Case Study

Piling

Construction works at the new Athlone Art Gallery consisted of the renovation of a derelict 18th Century riverside warehouse plus the construction of a new build extension to the existing warehouse. Both new and old structures are located adjacent to the quay side of the river Shannon in the centre of Athlone.

Main contractor, Purcell Construction asked Taranto Ltd to provide precast concrete driven piles to the new structure plus limited headroom, bottom driven mini pile for the warehouse renovation.

In planning the works, we had to pay special attention to the limited access and working room available on site. Also, as both structures are adjacent to Athlone Cathedral, stringent limits on vibration were placed on all site works.

For the existing warehouse renovation Taranto Ltd installed 45No 220mm ΓΈ bottom driven, cast in-situ mini piles using a special modified Taranto Ltd mini piling rig. In several locations the existing foundation of the warehouse obstructed the position of the new pile position. This resulted in Taranto Ltd pre-drilling through the existing stone and concrete foundation at each pile location to depths of 6m prior to installing the bottom driven mini piles. The Taranto Ltd mini piles were installed to working loads up to 250kN for depths up to 12.0m.

Athlone Art Gallery

Solution

Main contractor, Purcell Construction asked Taranto Ltd to provide precast concrete driven piles to the new structure plus limited headroom, bottom driven mini pile for the warehouse renovation.

During the pre-drilling and piling works, Taranto Ltd continuously monitored vibration levels across the site, including monitoring the vibration levels of the existing warehouse structure through the use of several wall mounted vibration monitors. Throughout the works Taranto Ltd ensured that the stringent site vibration limits were not exceeded.

On completion of the mini piling works, Taranto Ltd dynamically tested the mini piles using a dynamic pile-testing rig specially modified for the limited headroom and access available on this site.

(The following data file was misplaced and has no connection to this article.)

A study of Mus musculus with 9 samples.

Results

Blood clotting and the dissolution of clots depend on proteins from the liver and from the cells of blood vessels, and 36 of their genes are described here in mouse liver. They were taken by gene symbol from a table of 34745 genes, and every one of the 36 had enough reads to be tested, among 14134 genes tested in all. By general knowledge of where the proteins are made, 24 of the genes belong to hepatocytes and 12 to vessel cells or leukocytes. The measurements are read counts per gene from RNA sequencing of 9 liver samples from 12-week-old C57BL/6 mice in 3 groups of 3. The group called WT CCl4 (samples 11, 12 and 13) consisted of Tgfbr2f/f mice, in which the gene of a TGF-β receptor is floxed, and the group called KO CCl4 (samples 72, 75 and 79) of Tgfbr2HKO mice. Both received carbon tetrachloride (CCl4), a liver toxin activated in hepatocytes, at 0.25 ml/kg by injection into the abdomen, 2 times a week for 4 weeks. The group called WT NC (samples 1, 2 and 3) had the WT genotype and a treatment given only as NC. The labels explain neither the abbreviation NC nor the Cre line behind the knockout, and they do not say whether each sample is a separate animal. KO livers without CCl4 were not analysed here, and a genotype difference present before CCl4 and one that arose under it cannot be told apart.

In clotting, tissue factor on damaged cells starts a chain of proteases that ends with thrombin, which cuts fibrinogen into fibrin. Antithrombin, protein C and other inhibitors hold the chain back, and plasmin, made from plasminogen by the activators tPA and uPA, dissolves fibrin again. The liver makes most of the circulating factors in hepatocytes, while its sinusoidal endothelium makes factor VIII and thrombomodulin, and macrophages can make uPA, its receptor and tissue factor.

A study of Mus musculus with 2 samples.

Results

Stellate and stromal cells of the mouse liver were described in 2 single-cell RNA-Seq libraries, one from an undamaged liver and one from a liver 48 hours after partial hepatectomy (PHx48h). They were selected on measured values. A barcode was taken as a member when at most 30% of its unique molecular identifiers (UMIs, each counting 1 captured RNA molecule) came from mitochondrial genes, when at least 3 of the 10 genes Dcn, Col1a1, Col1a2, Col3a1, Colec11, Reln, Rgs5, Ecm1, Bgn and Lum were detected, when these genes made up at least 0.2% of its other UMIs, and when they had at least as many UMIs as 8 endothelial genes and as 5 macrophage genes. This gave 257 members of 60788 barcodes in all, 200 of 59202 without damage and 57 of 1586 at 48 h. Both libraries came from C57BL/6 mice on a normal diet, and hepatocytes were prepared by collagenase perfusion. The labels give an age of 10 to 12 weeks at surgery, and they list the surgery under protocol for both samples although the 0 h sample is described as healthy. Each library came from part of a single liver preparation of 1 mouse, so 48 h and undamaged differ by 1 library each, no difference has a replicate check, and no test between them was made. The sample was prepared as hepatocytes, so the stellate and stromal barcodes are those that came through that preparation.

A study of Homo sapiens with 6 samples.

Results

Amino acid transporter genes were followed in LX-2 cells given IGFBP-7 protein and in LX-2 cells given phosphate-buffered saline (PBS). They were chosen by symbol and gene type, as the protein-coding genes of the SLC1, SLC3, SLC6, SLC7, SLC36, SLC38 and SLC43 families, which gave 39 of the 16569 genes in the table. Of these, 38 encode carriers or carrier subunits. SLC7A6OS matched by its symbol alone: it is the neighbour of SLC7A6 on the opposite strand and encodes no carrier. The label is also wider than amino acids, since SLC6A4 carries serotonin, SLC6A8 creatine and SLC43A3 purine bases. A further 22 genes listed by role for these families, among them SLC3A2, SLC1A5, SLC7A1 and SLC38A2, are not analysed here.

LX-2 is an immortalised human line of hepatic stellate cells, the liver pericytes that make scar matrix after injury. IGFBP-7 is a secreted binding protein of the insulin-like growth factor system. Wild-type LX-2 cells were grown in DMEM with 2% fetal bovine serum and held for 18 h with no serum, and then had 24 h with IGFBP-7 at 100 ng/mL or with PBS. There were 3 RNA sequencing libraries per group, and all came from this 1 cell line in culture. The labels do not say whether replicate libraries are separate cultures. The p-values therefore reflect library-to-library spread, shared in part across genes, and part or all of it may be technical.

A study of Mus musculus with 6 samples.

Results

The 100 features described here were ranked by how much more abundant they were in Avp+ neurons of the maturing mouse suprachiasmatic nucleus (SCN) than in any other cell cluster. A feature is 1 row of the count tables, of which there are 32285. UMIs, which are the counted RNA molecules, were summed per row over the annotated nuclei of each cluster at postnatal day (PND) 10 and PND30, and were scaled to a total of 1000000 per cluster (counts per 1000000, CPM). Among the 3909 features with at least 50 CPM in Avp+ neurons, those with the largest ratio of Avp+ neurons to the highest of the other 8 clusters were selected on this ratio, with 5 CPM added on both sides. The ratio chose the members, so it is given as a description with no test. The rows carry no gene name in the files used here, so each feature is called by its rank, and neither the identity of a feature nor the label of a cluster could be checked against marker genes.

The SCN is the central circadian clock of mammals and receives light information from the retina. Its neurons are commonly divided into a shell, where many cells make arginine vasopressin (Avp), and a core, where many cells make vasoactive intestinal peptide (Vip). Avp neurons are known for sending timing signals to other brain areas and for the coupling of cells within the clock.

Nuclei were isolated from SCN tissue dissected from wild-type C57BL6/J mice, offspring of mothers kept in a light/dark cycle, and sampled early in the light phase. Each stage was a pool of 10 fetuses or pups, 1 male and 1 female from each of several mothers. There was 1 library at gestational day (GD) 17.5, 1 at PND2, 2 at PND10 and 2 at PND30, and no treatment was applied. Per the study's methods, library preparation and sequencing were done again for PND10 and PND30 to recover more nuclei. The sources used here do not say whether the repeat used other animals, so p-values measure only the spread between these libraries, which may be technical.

Taranto Ltd installed 53No 250mm2 & 300mm2 Precast concrete driven piles for loads up to 700kN for the new extension block. Again, access and site working room was very limited. Taranto Ltd utilised a medium sized top drive tracked rig and installed the 53No piles to depths up to 14.0m over a four-day period.

Several of the new pile positions were obstructed by existing low level stone wall. These were believed to be the original river Shannon quay walls. To overcome this Taranto Ltd pre-drilled the pile positions to 6.0m before installing 175mm diameter tubular steel top driven piles to working loads up to 700kN and to depths up to 14.0m.

On completion of the external piling works, Taranto Ltd carried out static pile testing to both the Precast driven piles and the tubular steel driven piles. Due to the limited working room and site levels, Taranto Ltd completed the testing works using a static reaction frame test. Using this testing method eliminated the need and expense of providing bulky kentledge weights to site.

Experience

The existing buildings, location, site access and restrictions on site vibration and movement provided several difficulties to the construction management team in the planning and organisation of this technical challenging construction project.

Taranto Ltd worked liaised with main contractor, Purcell Construction and project engineers, Arub Consulting, at the planning stages of the works to provide engineering solutions and cost effective method of construction which could provide the loading requirement whilst coping with the site access restrictions and other constraints.

As the works progressed, several unforeseeable problems were encountered, including the presence of previously unknown low-level structures and existing walls. Throughout the project, Taranto Ltd continued to work closely with the project construction management team to overcome the difficulties of this site and to progress the construction works in line with programme.